By Tyler Harris, Wallaces Farmer
Following recent announcements by several large U.S. restaurant chains that they are severing ties to use of gestation crates in hog production, sow housing was a key topic of discussion at Wednesday's press conference at the 2012 World Pork Expo. More than 20,000 hog producers and others involved in the pork industry are gathered in Des Moines for the three-day trade show which runs June 6-8 at the Iowa State Fairgrounds.
Although food retailers have shown concern that the issue of animal welfare is consumer based, officials with the National Pork Producers Congress and National Pork Board say this issue is being driven primarily by animal rights activists.
"We're tired of these announcements that have been made simply as a get-out-of-jail-free card," says Dallas Hockman, vice president of industry relations for the National Pork Producers Council. He says the pressure put on restaurants to not buy pork that was produced on farms that use gestation crates is coming from what he says are animal rights activists. "We do not believe this is a consumer-driven demand issue."
Cost to switch from sow gestation crates to putting sows in pens would be expensive
Hockman and senior vice president of AgStar, Mark Greenwood, say the expense required to make the changes, or "retrofit" an older hog producing operation would likely have a significant impact on smaller producers. Because of these costs, about $200 to $300 per sow space, according to studies at Oklahoma State University and the University of Minnesota, Greenwood says, it will be difficult for producers to acquire the funds to make the adjustments.
"You're going to have to have a significant amount of working capital to make that investment in the pen facilities," says Greenwood. "And you inherently will not get any more value from that facility, by switching from crates to a pen gestation system for sows."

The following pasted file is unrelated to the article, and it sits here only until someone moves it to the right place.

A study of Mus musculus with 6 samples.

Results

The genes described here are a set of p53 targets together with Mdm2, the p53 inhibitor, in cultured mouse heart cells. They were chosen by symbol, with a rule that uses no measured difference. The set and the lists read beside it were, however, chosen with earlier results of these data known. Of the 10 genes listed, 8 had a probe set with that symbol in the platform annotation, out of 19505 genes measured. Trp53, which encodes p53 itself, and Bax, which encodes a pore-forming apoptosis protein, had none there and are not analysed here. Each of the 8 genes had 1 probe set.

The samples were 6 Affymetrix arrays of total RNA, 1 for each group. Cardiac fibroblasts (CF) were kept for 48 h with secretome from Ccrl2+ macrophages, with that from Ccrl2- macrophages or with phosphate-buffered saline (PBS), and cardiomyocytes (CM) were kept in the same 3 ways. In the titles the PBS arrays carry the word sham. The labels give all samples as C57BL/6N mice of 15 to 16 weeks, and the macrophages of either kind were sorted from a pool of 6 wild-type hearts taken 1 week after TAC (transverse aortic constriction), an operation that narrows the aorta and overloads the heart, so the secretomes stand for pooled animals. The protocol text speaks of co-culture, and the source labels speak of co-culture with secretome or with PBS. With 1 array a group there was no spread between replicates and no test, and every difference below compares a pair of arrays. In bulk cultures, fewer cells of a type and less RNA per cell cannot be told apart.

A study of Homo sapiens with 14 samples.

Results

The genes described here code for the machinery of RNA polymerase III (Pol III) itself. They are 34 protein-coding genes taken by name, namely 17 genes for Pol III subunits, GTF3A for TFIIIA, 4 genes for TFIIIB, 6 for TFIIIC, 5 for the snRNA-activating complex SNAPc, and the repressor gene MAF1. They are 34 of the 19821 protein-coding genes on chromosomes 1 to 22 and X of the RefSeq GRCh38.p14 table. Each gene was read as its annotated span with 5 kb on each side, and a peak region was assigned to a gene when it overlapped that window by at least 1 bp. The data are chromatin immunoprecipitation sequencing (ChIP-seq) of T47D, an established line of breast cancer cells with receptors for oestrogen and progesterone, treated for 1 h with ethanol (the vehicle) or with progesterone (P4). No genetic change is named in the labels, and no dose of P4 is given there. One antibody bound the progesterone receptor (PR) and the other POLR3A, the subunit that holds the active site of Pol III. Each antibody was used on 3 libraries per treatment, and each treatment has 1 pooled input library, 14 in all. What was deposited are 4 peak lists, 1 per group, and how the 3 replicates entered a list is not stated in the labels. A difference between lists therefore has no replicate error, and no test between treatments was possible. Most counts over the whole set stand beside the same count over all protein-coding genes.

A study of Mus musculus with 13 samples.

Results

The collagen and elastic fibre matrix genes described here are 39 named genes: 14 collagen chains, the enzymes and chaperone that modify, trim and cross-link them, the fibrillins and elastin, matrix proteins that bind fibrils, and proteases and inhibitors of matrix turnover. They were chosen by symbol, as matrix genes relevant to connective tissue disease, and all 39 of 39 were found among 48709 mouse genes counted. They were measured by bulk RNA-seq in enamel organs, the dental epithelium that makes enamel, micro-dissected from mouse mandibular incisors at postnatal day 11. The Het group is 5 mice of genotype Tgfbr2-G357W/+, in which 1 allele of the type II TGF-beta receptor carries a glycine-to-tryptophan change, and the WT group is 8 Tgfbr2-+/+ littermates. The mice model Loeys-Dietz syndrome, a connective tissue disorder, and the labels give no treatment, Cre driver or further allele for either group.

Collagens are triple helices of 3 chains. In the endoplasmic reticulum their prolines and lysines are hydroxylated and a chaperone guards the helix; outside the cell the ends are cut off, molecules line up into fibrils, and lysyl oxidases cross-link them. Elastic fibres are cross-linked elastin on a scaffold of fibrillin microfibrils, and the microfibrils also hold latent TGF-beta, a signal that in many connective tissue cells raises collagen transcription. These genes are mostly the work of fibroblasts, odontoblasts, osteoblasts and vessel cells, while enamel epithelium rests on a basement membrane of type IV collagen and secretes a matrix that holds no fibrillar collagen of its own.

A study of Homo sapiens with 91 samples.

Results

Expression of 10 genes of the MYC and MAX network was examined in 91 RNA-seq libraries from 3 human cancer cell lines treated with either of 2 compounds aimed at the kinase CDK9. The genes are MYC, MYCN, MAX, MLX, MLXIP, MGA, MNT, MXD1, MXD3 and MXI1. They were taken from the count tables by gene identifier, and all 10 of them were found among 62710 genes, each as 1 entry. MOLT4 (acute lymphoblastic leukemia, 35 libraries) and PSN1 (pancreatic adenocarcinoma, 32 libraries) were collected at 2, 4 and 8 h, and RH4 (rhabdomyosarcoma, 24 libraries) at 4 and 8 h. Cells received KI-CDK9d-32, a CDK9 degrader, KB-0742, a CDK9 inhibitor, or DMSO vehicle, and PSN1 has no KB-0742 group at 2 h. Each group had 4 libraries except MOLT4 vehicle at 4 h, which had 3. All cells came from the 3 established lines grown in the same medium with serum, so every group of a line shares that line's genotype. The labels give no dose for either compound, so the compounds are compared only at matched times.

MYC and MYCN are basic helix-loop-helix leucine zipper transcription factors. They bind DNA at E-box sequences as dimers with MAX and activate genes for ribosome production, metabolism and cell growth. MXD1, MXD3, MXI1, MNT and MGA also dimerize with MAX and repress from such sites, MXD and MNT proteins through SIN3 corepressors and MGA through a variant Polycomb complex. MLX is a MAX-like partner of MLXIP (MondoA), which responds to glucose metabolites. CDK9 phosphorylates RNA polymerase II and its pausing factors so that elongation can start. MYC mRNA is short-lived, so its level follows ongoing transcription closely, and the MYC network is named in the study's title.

In this way, Hockman says it makes it difficult for small producers to compete and financially survive in today's hog business. "At the end of the day, it's much easier for the larger hog production operations to adapt and make such changes," he says, noting the amount of capital and availability of time to transition to the new system are key factors. "The larger hog production operations have that luxury of experimenting."
Despite the extra expense, some farms have already converted from sow crates to pens
Despite the additional cost, some farms have already made the conversion. Ron Plain, an extension livestock economist at the University of Missouri, also spoke at the World Pork Expo. He discussed survey results showing 17% of the 70 firms surveyed have already started using open-pen methods for housing sows. Based on the survey information, he estimates that number will rise to about 23% in two years. This means the "pen" will have enough room for a pregnant sow to turn around without touching the perimeter of the stall. Some of these firms that were surveyed and have already started switching to pens are larger in size, economist Plain says, with a total of 3.6 million sows among them all.
While some hog producers may be moving away from gestation stalls, Hockman says the issue is not black and white. There's more to this than just the use of stalls versus open pens, he says. One of the key issues is finding and using the most efficient method for housing sows.
So far, most producers are against moving from gestation stalls to using pens for sows
For the time being, Hockman says most hog producers are against the transition away from using stalls, as gestation stalls were originally meant as a way of providing protection for sows. Sows in pens tend to fight with each other, while a sow in a gestation stall is protected from that problem. Meanwhile, the debate continues on the gestation crate issue. "I have never seen a topic that has a more visceral response and more producers engaged," he says.